After a month of being back on store shelves, Dungeness Valley Creamery’s raw milk is now allowed back on area food bank’s shelves — with a few small provisions.
In April, the Jersey cow farm’s owners Ryan and Sarah McCarthey voluntarily recalled their milk products for two weeks after routine state Department of Agriculture (WSDA) sampling found E. coli in late March and again in early April.
After deep cleaning efforts and further testing, the couple was given an “all clear” on April 22.
WSDA reported that no illnesses were found related to the recalled product either.
Ryan McCarthey said they’ve scaled down some since the recall after losing about $35,000 in sales.
“It has had a little bit of a lasting effort,” he said. “We’re just recovering. It’s one of those things where it was a two-week recall with three weeks of hassles.”
On April 26, the McCartheys said on the farm’s Facebook page that Clallam County Environmental Health Services notified them that they couldn’t donate to area food banks because of state restrictions regarding unpasteurized milk donations.
McCarthey said they’ve “donated and sold milk to several food banks over the years without any issues.”
Jennifer Garcelon, Clallam County environmental health director, said an online fundraising GoFundMe account for the farm brought the creamery’s relationship with area food banks to their attention.
“We were not aware the (Sequim Food Bank) was taking raw milk,” Garcelon said.
She said it’s OK to give out raw milk at food banks but that there must be labels on the product and at the refrigerator storing the raw milk.
“Our department worked with the Sequim Food Bank to clarify the signage,” Garcelon said. “Anywhere raw milk is sold there must be labeling and it needs to be visible at the business.”
The creamery already places warnings on each product that it’s not pasteurized and may contain harmful bacteria.
Health officials also caution infants, younger children, senior citizens, pregnant women and people with weakened immune systems from consuming raw milk.
McCarthey said their intent with the approximate $10,600 in donations from the GoFundMe fundraiser started by Patti Bostwick was to offset costs when they sold and/or donated raw milk to food banks after the recall.
Bostwick, owner of Blue Mountain Baking Co., and a board member for the Sequim Farmers Market, said this was her first GoFundMe and she’s grateful for the community support for them.
“I wanted to bless them somehow,” she said.
Bostwick said she appreciates the farm’s openness to the community.
“I just wanted to show how much we love them because they are always loving on us,” she said.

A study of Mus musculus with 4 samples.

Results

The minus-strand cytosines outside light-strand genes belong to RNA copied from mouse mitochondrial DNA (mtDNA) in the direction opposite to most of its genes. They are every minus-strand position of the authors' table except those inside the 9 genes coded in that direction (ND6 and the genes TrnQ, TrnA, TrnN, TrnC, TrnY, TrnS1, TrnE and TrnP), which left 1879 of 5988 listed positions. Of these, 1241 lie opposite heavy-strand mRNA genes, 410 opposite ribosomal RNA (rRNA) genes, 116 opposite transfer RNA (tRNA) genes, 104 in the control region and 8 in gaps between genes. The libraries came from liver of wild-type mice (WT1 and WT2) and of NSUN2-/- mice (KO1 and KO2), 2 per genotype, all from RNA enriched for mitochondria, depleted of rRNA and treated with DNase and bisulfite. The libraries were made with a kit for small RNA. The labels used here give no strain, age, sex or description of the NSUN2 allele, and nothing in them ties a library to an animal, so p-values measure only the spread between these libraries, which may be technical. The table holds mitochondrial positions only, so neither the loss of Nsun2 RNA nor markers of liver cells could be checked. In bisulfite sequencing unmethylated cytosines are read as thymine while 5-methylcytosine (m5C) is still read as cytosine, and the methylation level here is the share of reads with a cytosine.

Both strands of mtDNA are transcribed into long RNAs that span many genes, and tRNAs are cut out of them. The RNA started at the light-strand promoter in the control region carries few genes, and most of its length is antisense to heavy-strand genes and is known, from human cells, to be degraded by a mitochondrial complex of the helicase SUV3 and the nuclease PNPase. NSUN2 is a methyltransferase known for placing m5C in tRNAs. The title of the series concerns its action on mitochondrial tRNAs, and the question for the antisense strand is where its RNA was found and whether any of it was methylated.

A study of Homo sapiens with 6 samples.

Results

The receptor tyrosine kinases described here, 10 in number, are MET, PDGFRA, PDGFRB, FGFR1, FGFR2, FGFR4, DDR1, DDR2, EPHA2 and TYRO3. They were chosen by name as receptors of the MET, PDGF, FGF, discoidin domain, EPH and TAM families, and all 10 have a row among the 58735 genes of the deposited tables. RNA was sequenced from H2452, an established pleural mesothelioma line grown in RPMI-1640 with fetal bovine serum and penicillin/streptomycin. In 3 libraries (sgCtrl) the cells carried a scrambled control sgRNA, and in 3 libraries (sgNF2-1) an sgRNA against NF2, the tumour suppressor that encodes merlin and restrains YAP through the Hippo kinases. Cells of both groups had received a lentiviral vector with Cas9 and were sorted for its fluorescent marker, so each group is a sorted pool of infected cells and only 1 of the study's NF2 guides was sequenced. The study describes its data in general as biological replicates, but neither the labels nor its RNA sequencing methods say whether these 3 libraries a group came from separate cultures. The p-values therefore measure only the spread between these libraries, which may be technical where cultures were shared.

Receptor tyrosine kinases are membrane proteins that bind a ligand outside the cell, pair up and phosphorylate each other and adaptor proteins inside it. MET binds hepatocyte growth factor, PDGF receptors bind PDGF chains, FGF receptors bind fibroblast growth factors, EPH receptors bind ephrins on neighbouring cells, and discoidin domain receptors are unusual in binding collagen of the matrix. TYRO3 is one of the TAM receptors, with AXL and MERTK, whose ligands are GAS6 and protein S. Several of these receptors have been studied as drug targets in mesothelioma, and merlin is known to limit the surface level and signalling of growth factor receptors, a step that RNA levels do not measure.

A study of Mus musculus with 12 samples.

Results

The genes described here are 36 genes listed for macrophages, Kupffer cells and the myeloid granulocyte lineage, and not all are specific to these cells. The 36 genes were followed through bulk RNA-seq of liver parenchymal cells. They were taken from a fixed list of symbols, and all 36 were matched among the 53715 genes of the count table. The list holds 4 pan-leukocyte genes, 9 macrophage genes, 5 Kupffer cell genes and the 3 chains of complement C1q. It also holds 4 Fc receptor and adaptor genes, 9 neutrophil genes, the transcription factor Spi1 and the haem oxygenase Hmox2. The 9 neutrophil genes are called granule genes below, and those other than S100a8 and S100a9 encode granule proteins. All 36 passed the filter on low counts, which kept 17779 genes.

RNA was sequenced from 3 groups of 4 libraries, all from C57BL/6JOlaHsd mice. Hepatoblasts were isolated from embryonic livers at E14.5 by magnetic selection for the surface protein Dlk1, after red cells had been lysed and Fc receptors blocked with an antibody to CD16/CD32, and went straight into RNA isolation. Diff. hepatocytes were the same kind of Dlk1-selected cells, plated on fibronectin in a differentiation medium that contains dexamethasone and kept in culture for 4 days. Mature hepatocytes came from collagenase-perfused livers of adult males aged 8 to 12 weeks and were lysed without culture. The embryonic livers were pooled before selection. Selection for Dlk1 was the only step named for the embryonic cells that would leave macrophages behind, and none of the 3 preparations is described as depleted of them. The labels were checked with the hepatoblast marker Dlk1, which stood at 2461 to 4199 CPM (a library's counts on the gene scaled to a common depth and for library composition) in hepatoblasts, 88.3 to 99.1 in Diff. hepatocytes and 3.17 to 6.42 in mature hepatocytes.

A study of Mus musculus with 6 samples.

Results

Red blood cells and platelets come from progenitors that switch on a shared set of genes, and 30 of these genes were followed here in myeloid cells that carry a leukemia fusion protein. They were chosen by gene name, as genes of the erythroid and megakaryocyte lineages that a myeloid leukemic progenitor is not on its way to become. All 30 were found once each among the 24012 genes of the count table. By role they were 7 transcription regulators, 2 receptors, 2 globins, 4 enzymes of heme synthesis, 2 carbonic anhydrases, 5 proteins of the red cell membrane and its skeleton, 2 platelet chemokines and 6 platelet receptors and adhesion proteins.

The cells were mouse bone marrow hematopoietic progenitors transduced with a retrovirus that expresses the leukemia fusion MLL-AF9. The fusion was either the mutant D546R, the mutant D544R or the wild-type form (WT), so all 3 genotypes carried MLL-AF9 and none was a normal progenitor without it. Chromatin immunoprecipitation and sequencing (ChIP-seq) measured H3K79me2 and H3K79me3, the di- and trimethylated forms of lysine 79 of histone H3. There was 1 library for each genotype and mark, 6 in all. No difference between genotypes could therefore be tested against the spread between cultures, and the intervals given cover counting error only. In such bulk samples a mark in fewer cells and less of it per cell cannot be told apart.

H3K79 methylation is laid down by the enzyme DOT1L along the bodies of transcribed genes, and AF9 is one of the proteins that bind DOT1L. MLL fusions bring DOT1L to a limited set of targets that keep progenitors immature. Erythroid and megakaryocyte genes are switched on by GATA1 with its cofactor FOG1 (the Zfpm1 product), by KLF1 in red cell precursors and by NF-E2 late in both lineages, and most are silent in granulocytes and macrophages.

The McCartheys said they appreciate the community’s ongoing support and supporting food banks was one way they wanted to help others, too.
“(Donating to food banks) isn’t something we do with expired product as a way of dumping it off, or to make money off of it when we sell it,” McCarthey said. “In fact, if we set up an account to charge for it the cost is intended to reflect the extra labor and packaging to get the product delivered to the food bank.”
Andra Smith, Sequim Food Bank executive director, said they’ve been purchasing raw milk from the creamery for two-plus years and they received 48 gallons from them on May 17.
“Our visitors love having the option of raw milk,” she said. “It’s really popular and runs out fast when it’s available.”
Smith said food bank visitors have to ask for raw milk because volunteers and staff don’t take it from the refrigerator for display during distribution days.
Sequim Food Bank officials say they continue to seek out and advocate for creative and new options for in-need residents, including hot food recovery from local grocery stores and restaurants.
“We don’t have the facilities for it,” Smith said. “Maybe in the future, but not right now we can’t.”
She said county health officials remain great to work with and “work hard to make things work for the local food banks.”
McCarthey said they support food banks because they know there are a lot of people who struggle with food insecurity.
“We feel as a provider of a nutrient dense food it’s a great way we can help out those in need within our community,” he said.
McCarthey said he feels the Sequim Food Bank has always made it clear what people receive from them, too.
“It seems to me that as long as the food bank is making it clear to the consumer which product they have the option of receiving, we’re following the intent of the DOH regulation, which again is ‘to help assure food provided to the needy is safe,’” he said.
Dungeness Valley Creamery, 1915 Towne Road, hosts its annual celebration of becoming a raw milk jersey cow farm at 11 a.m.-4 p.m. Saturday, June 8.
The event features hay rides, tours, live music, product demos, food from Curbside Bistro, ice cream and more.
McCarthey said he looks at it as a way to meet up with customers again and have a fresh start following the voluntary recall. He and Sarah also continue to send in product sampling to a third-party laboratory of their cows to ensure no more E. coli issues arise.
“We wanted to make sure everything is clean and ready and have more peace of mind before the event,” he said. “It’s something we never would have thought about before but now we just want to make sure.”
For more information and updates on the Dungeness Valley Creamery, call 360-683-0716 or visit www.facebook.com/dungenessvalleycreamery.
Reach Matthew Nash at firstname.lastname@example.org.